One of the best pieces of parenting advice I got when I was still pregnant was from my long-time friend Diane, who already had two kids of her own.
Never, she advised, look at another child who is doing something annoying or disturbing and think, smugly, "Well, at least MY child doesn't do THAT."
Because if you think that, you are pretty much guaranteed that your child will start doing that very thing within the next few days.
As you can probably guess, there's something I've had that feeling about.
Ben has been slow to develop the normal male fascination with fighting and weaponry. I'd love to take the credit and say it's because we provide such a warm and nurturing environment, but I know that it's really because children on the autism spectrum don't automatically pick up behaviors from peers like most NT children do.
No matter what the cause, I admit to a few moments of smugness about it.
But as his social abilities evolve, he now pays a lot more attention to what other boys do on the playground and wants to fit in. This is progress.
This also means that he's starting to learn about things like fighting and good guys and bad guys.
Ben is paying attention to the concept more in videos and stories, too, and incorporating them into our imaginative play.
One of his new favorite activities is to get out the Nerf baseball bats and play Robin Hood and Little John dueling with staffs on a narrow bridge.
He also loves to play the orchestral soundtrack from Disney's Sleeping Beauty and act out the climax where Prince Philip destroys Maleficent.
You can probably guess who plays which part. My death scene, where I sink to the kitchen floor with a wooden spoon in my heart, is quite a scenery-chewer.
I know it's pretty intellectual stuff compared to Power Rangers or Ninja Turtles, but given the fact that this was completely absent from his repertoire until just a month or so ago, it's striking to me.
As Ben's fascination has grown, we haven't made a point of censoring stories where heroes are in danger and villains are vanquished. (Within reason, of course.)
While we don't want to encourage fighting, we also don't want to shield him from the idea of conflict. Experimenting with ideas of conflict, power, and aggression seem like a normal part of childhood - especially boyhood - that Ben is finally getting around to exploring.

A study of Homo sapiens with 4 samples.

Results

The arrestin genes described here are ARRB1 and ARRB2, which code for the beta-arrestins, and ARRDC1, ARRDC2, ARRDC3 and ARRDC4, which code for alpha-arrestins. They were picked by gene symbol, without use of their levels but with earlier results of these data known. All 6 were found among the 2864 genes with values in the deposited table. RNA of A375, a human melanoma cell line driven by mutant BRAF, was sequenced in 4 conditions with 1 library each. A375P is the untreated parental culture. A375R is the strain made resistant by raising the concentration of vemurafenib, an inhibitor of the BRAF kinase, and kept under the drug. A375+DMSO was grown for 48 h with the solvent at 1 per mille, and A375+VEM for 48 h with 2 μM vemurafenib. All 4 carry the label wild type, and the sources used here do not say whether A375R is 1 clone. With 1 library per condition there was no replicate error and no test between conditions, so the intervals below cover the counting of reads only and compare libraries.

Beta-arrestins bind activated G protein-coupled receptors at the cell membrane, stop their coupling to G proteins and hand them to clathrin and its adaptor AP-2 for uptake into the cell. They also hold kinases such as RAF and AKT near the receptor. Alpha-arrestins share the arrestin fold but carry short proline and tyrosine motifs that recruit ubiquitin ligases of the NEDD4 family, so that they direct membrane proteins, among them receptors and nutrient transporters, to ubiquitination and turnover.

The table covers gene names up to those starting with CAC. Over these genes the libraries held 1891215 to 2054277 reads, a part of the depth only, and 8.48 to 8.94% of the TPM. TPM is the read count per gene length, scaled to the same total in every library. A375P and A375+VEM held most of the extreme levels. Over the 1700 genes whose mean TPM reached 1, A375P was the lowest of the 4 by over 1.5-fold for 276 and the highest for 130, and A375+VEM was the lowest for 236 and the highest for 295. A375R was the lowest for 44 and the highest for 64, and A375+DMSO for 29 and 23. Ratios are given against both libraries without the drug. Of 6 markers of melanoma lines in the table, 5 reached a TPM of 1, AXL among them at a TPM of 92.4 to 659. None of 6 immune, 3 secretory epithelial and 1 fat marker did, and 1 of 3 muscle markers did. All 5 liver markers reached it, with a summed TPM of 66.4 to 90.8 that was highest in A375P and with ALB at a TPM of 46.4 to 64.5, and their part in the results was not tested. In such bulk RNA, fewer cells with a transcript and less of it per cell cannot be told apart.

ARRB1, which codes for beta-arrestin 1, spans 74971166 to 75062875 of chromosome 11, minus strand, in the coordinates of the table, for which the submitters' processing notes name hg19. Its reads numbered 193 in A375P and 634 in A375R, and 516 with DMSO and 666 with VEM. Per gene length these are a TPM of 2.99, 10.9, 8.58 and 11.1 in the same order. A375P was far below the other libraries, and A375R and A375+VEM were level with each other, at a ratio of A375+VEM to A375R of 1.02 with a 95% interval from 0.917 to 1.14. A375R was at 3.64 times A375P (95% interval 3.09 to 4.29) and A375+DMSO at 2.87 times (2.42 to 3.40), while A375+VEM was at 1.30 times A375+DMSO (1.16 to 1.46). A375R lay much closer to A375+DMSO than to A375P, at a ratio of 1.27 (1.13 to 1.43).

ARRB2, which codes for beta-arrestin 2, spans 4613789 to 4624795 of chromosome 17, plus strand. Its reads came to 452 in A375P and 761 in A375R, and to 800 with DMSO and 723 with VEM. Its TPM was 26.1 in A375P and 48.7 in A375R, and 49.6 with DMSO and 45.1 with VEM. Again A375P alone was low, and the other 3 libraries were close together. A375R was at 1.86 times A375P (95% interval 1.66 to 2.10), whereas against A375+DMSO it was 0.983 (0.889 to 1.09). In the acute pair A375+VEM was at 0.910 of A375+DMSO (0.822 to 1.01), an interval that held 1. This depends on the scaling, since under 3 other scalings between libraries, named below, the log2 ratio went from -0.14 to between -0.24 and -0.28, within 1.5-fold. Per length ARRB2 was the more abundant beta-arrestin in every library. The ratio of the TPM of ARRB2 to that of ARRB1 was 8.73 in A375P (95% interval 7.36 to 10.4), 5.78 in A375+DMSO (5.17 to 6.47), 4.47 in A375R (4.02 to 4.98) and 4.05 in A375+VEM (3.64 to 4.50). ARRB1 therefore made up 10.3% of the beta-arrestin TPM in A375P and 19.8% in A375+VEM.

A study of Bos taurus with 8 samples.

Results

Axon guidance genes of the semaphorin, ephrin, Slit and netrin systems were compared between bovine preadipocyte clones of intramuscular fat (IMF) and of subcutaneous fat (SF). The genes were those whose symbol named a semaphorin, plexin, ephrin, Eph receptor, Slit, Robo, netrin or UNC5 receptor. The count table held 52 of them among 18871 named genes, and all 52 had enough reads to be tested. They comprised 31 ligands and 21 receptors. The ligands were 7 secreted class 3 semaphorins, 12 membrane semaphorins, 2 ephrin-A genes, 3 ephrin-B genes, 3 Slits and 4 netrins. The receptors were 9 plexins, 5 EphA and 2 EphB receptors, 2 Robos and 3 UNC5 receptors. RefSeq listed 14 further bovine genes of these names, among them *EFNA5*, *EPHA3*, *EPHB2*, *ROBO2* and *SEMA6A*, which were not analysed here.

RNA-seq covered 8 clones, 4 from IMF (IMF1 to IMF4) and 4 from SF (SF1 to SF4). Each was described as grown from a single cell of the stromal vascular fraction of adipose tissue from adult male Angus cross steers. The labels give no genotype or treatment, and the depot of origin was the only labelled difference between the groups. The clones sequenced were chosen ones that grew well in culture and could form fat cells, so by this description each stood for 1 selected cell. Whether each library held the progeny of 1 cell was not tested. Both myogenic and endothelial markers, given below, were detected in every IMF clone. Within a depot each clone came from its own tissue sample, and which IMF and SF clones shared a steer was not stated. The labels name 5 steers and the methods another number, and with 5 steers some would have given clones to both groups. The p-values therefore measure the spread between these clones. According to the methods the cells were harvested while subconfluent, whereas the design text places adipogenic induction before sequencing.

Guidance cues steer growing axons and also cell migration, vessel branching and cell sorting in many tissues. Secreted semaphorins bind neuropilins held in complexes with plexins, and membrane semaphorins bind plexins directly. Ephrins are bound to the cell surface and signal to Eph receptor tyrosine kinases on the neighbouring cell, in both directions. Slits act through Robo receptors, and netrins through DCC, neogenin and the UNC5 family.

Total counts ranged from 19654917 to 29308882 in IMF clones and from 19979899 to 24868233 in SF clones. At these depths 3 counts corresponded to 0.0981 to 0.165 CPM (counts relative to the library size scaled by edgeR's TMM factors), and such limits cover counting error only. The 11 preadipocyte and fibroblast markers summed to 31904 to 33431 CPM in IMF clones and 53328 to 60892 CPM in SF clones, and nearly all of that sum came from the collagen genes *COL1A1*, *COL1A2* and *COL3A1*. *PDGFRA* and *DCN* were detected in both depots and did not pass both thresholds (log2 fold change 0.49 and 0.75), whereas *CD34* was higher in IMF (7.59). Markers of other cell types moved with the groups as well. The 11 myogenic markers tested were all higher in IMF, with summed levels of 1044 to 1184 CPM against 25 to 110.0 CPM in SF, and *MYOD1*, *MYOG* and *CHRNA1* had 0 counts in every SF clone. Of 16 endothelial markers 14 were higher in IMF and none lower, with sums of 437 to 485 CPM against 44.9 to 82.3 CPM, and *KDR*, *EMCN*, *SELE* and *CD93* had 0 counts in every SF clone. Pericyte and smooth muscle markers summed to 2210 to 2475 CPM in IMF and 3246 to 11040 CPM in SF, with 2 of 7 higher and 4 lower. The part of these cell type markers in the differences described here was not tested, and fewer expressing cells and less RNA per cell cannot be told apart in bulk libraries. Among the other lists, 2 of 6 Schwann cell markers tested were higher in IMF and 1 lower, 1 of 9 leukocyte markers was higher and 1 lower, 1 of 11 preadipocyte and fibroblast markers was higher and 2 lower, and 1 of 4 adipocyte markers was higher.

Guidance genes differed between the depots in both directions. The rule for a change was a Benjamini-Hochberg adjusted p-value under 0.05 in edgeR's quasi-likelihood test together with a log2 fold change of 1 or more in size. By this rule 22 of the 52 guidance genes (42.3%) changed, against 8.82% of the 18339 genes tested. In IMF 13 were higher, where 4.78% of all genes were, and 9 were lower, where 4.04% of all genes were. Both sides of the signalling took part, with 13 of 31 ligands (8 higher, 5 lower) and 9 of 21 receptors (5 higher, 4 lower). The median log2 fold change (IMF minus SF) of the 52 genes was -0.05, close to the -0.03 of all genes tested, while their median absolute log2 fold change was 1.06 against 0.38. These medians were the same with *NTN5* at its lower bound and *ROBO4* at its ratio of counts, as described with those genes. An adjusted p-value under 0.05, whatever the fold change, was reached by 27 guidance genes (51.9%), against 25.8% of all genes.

I should note that my twenty-year-old self would be horrified at that last statement. As a matter of fact, I think Chris' twenty-year-old self would be pretty disgusted as well.
Back then, we both believed that gender was nothing more than a construction of oppressive social norms. I cringed at - no, railed against - any biological basis for behavior.
But, of course, that was before I had spent time with any actual children.
Unlike my college-age self, I don't believe that you can just raise boys and girls to be happily, perfectly genderless. There is some wiring in there that does make the sexes fundamentally different.
Of course, I don't agree with Freud that "biology is destiny," but maybe biology is "tendency."
Ben likes "boy stuff" (trains, cars, adventure stories, hitting things, bumping into things, crashing things) and he also likes "girl stuff" (Disney princess movies, dance class, playing with a tea set).
Right now, he moves around on the gender continuum with ease. No one (at least not when I'm around) tells him what boys should or shouldn't play with and that's the way it should be.
But I believe that he will have a tendency to explore concepts of his own physical power, ideas of competition and notions of strength in ways that are different than the way his female peers will tend to explore the same concepts.
Unlike my younger self, I'm reconciled to this.
And given his rather circuitous social development (we're taking the scenic route, as Susan at The Family Room says), I'm actually quite pleased to see it.
So every day we're fencing with wooden spoons, bats, plastic golf clubs, and even socks. And we laugh all the while. It feels fun, normal and harmless.
At least he's not interested in guns.
Oh no. I should NOT have said that.
En garde! Chief Inspector Daddy of the French Police battles a rogue in jammies.